Giraffes On Fire

We went to see the Surrealism Beyond Borders exhibition at Tate Modern. This has a few of the usual big names of the movement, but also tries to broaden out and taken in the influence and expansion of surrealist styles outside Europe and America and its reintegration with indigenous styles of art that were part of its sources of inspiration. There is also an attempt to show more of the female artists in the movement, such as Ithell Colquhoun, Dorothea Tanning, Leonora Carrington and also Eileen Agar, whose reputation was growing since the 80s.

The show is organised with 2 different structuring principles: about half the rooms take up themes from surrealist theories and manifestos about the uncanny, the unconscious, the relation to political action, whilst the others focus on geographical centres of surrealist activity.

Here are some images of the images. Unfortunately some of the smaller works, such as the ones by the Iranian artist Kaveh Golestan did not photograph very well and the displays of surrealist writings do not make great pictures.

“Surrealist Wardrobe” (1941) – Marcel Jean.
“A Little Light Night Music” (1943) – Dorothea Tanning.

“Lobster Telephone” (1938) – Salvador Dali.
“Everyday Tribulations” (1934) – Richard Oelze.
“The Message” (1941) – Juan Batlle Planas.
“The Guide” (1962) – Herve Telemaque.
“Ogou Feray” (c.1945) – Hector Hyppolite
“Papa Lauco” (1945) – Hector Hyppolite
“Belial, Emperor Of The Flies” (1947) – Wifredo Lam.
“The Pi Bird’s Night Flight” (1952) – Eugenio Granell.
“We Hear Her Silence” (1957) – Rafael Ferrer.
“No Use To Talk About The Little Wig” (1952) – Cossette Zeno.
“Warrior And Sphinx” (c.1957) – Frances del Valle.
“Pas De Deux (Dawn)” (1953) – Luis Maisonet Crespo.
“The Magical Blazons Of Tropical Flight” (1947) – Eugenio Granell.

The 9 metre long poem composed by Ted Joans during one of his travels:

“Fairground Stall” (1937) – Taro Okamoto
“Alphabet of Passion” (1962) – Konrad Klapheck.
“Body Snatcher In Switzerland” (1959) – Enrico Baj.
“My Wife Looks At The Petrol Engine, The Dog Looks At Me” (1940) – Wilhelm Freddie.

Fun fact: I use the exhibition guide to check some of the names of these pictures, and I put a marker in at page 224 when I found the Taro Okamoto picture. Then when I wanted to find the one above, I opened the book and I was already at the right place, it was on page 225. That’s the sort of moment Breton would have appreciated.

“Time Transfixed” (1938) _ Rene Magritte.

This last work was of course referenced in a film, a book about which is in the gift shop:

Back to the show:

“The Sea” (1929) – Koga Harue.
“Plant And Animal Analogies” (1934-5) – Helen Lundeberg.
“We Are Betrayed” (1934) – Victor Brauner.
“The One In The Other” (1965) – Toyen.
“Scylla” (1938) – Ithell Colquhoun.
“To The Tower” (1961) – Remedios Varo.
“Embroidering The Earth’s Mantle” (1961) – Remedios Varo.
“The Flight” (1961) – Remedios Varo.
“Nudes” (1945) – Samir Rafi.

This one has similarities with Dali’s “Premonition Of Civil War”:

“Untitled” (1939) – Ramses Younan.
“The Young Girl And The Monster” (1942) – Inji Efflatoun.
“Untitled” (1940) – Fouad Kamel.
“The Ballad For Frida Kahlo” (1955-6) – Alice Rahon.
“Chiki, Your Country” (1944) – Leonora Carrington.
“Self Portrait” (c.1937) – Leonora Carrington.
“A Present For The Past” (1942) – Gordon Onslow Ford.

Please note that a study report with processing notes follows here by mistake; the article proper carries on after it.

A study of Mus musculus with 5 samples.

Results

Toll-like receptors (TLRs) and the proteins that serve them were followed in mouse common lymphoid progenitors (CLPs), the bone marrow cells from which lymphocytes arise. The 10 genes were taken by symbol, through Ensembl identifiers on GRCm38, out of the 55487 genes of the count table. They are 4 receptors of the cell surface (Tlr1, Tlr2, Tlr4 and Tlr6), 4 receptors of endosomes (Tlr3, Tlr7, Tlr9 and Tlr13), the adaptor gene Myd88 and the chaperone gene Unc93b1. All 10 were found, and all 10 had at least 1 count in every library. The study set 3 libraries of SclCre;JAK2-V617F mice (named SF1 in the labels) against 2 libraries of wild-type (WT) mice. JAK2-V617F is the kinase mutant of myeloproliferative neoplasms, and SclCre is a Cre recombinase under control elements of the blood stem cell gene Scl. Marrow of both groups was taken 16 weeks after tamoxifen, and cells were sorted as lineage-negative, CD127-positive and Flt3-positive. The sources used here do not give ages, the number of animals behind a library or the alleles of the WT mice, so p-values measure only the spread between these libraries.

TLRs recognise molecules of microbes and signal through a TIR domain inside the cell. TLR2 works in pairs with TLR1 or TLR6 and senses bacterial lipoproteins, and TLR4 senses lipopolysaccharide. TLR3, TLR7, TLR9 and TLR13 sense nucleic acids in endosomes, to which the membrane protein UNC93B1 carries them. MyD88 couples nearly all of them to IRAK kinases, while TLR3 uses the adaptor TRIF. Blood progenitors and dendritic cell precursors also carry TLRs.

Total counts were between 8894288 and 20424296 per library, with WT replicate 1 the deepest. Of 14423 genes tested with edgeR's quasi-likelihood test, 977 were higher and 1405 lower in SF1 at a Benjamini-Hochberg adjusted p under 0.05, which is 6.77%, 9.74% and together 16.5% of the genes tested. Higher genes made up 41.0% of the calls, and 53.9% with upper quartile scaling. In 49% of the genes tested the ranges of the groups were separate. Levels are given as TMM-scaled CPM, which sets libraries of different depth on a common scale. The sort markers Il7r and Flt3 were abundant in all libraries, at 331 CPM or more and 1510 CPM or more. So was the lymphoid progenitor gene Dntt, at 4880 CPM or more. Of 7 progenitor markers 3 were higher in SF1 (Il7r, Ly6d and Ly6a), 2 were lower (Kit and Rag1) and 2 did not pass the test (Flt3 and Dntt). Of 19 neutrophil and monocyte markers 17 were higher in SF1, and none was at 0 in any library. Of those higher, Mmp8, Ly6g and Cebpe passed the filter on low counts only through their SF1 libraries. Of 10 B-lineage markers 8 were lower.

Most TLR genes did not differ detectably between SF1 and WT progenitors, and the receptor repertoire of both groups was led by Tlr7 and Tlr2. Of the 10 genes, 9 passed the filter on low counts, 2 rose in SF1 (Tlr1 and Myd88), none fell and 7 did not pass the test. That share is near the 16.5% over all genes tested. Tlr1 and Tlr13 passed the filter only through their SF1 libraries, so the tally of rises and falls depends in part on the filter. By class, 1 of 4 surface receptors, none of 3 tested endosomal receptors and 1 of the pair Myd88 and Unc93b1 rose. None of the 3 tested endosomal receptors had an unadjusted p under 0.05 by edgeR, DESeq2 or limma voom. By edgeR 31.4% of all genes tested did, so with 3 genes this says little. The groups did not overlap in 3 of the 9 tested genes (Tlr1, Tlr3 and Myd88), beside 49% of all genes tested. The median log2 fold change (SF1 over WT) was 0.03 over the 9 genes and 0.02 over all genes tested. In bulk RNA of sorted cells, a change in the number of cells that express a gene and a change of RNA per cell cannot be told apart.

“Surrealist Composition” (1956) – Kurt Seligmann.

I’ve lost the title and artist of this one, and it doesn’t seem to be in the exhibition guide:

“Baton Blows” (1937) – Mayo.
“Untitled” (1967) – Malangatana Ngwenya.
“May 68” (1968-75) – Joan Miro.

This is not included in the exhibition guide:

“Deification Of A Soldier” (1967) – Yamashita Kikuji.
“The Dream Of Tobias” (1917) – Giorgio De Chirico.
“Landru in the Hotel, Paris” (1932) – Antonio Berni.
“Two Children Are Threatened By A Nightingale” (1924) – Max Ernst.

The exhibition also features films by Jan Svankmajer and Maya Deren (not Meshes Of The Afternoon, the scariest movie ever made). There are various examples of surrealist writings, including the work of a Czech underground group during the German occupation. Were they being alluded to in Kundera’s Life Is Elsewhere, which featured an avant garde artist who fancied himself as a follower of Breton? Surrealist writings have been back in print for many years: Breton’s Nadja and also De Chirico’s Hebdomeros, but the big prize that finally got a new edition last year is The Eater Of Darkness by Robert Coates, which is now classed as “dada” but could just as well pass for the first ever surrealist novel. I have not checked that new edition to see if they get the typography right – there was an awful print-on-demand digital edition on Amazon in which the text was mangled by passing through a scanning system that tried to convert it back to a conventional text. We could of course say that that was a further extension of the textual instability… but still ask for your money back.

Some of the later works in the exhibition blur into heavy metal album sleeve art or mass-market fantasy imagery, which I suppose marks the success of the movement in reaching a wider audience, but also failure by simply becoming assimilated to the category of a familiar visual style and coding. Even Meshes Of The Afternoon ended up referenced in a music video. The Uncanny becomes ordinary and expected and needs to be deinterpreted.

Sadly no mention of Leslie Roy Hobdell, who got overlooked from the last big surrealist retrospective 2 years ago, at Dulwich Picture Gallery. “Nocturnal Adventures” should be remembered.